Researchers "Grow" New Blood Vessels

The synthetic vessels can be stored for long periods and avoid the complications typical of vessel grafts.

Synthetic blood vessels that can be made in advance and stored until surgery could help patients undergoing heart surgery, hemodialysis—cleansing of the blood in cases of kidney failure—and other procedures. Laura Niklason, an anesthesiologist and biomedical engineer at Yale University, and her collaborators have grown blood vessels using human cells and tested them in baboons, showing that they provoke no immune rejection and avoid common complications of synthetic vessels, such as clotting, bursting, or contracting over time. Researchers hope these studies will show that the vessels are safe enough to win permission from the U.S. Food and Drug Administration to begin clinical trials.

Vein drain: Using human cells, scientists have grown shelf-stable blood vessels, like this six-millimeter-diameter model, that they hope to eventually see used as grafts for heart surgeries and hemodialysis.

During bypass surgery, doctors looking to circumvent blocked arteries usually harvest vessels from a patient’s leg or arm. But people who suffer from vascular disease or who have had previous procedures may have no suitable vessels left. The other options have complications: grafts from donors are often rejected by the recipient’s immune system, artificial plastic vessels have high rates of blood clots and other problems, and vessels grown from a patient’s own tissue take more than six months to mature. “Artificial grafts suffer from clotting and obstruction because they are not tissue,” says Niklason, especially when plastic is used.

Niklason says she has solved this problem by creating vessels that are derived from living tissue but can be used off-the-shelf and are not rejected by the immune system. Using a technique she developed at MIT in the 1990s, researchers seed tubular scaffolds with smooth muscle cells. The cells secrete collagen and other connective tissue molecules around the scaffolds, forming blood vessels. After the scaffolds break down, the vessels are washed with a detergent that strips away the cells, leaving behind the fibrous tubes of collagen.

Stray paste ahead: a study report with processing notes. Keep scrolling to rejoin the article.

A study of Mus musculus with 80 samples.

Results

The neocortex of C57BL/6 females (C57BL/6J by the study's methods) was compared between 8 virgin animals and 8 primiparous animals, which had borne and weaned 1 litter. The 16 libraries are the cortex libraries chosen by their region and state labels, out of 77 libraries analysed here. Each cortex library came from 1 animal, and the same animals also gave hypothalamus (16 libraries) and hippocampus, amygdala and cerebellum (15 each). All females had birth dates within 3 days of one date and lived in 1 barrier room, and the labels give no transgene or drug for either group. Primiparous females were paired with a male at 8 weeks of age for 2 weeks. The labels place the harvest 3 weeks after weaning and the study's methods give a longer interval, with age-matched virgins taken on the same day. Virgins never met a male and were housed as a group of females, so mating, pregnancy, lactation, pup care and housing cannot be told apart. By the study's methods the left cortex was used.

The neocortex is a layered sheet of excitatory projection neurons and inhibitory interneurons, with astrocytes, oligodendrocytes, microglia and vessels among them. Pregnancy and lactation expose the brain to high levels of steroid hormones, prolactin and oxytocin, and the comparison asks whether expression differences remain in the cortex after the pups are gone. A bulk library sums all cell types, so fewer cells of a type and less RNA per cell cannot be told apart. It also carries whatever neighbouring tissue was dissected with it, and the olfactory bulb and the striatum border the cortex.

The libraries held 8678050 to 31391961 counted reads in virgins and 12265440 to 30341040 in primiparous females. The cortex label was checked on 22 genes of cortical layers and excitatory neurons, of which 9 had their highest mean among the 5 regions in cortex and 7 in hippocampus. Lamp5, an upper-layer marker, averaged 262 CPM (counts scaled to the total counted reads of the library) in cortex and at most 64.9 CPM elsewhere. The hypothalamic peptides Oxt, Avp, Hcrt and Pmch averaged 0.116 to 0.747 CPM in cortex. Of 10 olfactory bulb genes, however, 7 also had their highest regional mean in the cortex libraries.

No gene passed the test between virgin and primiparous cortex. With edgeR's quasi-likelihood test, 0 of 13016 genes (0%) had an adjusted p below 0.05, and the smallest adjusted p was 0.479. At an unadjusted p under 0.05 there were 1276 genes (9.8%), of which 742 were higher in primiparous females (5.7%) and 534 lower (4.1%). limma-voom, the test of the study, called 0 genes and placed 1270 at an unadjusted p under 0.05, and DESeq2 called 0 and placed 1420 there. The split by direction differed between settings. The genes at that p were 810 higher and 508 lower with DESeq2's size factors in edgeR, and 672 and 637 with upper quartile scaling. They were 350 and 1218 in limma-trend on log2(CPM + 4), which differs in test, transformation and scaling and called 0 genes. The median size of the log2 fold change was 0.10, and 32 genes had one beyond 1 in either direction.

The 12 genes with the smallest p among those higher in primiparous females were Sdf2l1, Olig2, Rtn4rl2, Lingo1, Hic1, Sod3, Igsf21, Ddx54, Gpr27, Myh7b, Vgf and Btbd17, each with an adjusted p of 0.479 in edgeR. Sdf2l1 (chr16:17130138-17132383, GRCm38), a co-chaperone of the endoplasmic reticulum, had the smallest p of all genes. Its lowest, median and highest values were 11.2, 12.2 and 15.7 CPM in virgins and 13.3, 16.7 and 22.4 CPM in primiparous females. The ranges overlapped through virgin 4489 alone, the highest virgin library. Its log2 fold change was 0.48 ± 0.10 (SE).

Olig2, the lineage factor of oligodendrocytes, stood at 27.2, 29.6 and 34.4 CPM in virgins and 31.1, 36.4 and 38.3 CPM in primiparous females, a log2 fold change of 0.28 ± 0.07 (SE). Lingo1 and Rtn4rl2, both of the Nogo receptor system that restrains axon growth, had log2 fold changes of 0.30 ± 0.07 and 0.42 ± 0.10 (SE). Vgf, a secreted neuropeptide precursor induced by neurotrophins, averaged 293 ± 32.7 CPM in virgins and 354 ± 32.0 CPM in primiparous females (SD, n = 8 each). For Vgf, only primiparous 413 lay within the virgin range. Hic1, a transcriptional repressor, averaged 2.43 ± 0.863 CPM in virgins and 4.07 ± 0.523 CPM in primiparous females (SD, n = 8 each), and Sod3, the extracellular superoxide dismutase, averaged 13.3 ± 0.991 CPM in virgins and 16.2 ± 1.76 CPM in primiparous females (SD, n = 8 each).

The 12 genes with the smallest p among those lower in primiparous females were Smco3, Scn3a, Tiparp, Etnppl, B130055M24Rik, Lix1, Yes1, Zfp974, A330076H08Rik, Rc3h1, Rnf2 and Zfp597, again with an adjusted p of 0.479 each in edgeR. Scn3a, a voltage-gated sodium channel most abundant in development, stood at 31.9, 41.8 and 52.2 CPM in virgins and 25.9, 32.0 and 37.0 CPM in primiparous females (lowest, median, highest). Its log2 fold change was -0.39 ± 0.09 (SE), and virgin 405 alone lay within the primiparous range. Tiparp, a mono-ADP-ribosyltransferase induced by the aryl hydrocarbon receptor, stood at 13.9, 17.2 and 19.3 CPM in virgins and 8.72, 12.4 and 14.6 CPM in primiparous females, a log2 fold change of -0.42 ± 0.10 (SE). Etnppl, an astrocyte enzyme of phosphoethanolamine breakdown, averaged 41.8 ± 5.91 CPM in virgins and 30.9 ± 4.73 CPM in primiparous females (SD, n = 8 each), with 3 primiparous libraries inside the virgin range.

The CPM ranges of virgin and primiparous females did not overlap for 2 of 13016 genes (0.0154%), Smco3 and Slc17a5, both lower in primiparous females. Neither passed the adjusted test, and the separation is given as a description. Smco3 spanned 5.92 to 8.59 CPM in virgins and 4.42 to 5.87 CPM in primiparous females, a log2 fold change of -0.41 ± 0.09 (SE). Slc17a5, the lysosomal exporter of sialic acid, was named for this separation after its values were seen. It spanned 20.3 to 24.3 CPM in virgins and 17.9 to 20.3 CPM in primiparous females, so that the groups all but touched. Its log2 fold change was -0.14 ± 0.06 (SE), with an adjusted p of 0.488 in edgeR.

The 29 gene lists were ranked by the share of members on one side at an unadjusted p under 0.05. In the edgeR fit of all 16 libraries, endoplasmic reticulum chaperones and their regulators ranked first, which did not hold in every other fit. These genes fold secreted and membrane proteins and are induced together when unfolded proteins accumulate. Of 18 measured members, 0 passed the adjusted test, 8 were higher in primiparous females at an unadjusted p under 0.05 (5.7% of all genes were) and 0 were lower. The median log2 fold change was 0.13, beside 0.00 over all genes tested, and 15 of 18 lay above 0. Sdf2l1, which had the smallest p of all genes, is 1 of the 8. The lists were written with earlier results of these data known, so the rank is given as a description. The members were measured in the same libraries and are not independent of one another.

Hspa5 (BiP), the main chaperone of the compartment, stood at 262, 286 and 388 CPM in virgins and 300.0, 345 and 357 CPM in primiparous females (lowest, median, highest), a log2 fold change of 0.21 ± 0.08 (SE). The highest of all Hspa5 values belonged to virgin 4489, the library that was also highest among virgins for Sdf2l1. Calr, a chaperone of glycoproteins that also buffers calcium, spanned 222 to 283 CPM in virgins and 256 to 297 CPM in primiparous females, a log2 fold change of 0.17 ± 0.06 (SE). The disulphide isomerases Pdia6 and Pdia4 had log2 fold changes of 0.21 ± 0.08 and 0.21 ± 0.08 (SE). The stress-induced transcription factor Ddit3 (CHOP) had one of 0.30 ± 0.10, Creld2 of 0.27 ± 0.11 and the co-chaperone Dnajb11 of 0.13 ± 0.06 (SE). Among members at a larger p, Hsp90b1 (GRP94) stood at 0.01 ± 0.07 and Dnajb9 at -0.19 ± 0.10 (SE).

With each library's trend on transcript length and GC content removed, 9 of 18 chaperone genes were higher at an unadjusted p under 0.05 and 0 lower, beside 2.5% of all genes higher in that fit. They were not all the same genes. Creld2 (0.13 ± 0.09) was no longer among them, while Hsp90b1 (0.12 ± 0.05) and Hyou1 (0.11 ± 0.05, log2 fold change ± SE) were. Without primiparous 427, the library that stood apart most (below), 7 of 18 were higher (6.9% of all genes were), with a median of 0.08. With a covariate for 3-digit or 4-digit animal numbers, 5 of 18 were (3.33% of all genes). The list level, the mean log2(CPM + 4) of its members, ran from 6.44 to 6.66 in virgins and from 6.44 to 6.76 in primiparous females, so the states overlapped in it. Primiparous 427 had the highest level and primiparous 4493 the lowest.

Because the tubes contain no living cells, they do not trigger an immune response and have a shelf life of more than a year. The group has previously grown vessels using cells from several different animal species, including canine versions for heart bypass surgeries in dogs.

Now, in a report published in Science Translational Medicine, the researchers have grown vessels using human cells for the first time. They used the vessels to link an artery and a vein in baboons, creating a structure called a fistula to mimic the setup required by hemodialysis patients, who have a needle injected into such a link two or three times a week to get their blood filtered. Also, while previous versions of the vessels required a wait of several weeks while the insides of the vessels were “personalized” with some of the patient’s own cells, a process that makes them less likely to clog, these hemodialysis vessels did not need that treatment.

“That means they could potentially be immediately available to the patient,” says Shannon Dahl, a biomedical engineer who cofounded a biotechnology company called Humacyte with Niklason and another colleague to help bring the technology to market. Humacyte initially plans to test its technology in hemodialysis patients, though Dahl declined to give a timeline for clinical trials.

Researchers ultimately hope to test the vessels for heart surgeries, but they first want to show that the technology is safe and effective. “I would love to get to coronary bypass at some point, but we have to prove that this is a good, safe therapy in other anatomical locations first,” says Niklason. A hemodialysis graft is much more easily replaced than a bypass graft if there are infections or other problems.

The researchers’ use of baboons also provides important additional support before they move into human trials, says David Putnam, a chemical engineer at Cornell University who studies biomaterials. The reason is that the dynamics of blood flow in baboons are a good model for what happens in humans, he says. “They are going about this very well, very carefully. They’re building a house with very strong bricks,” he says. “And the next step is humans.”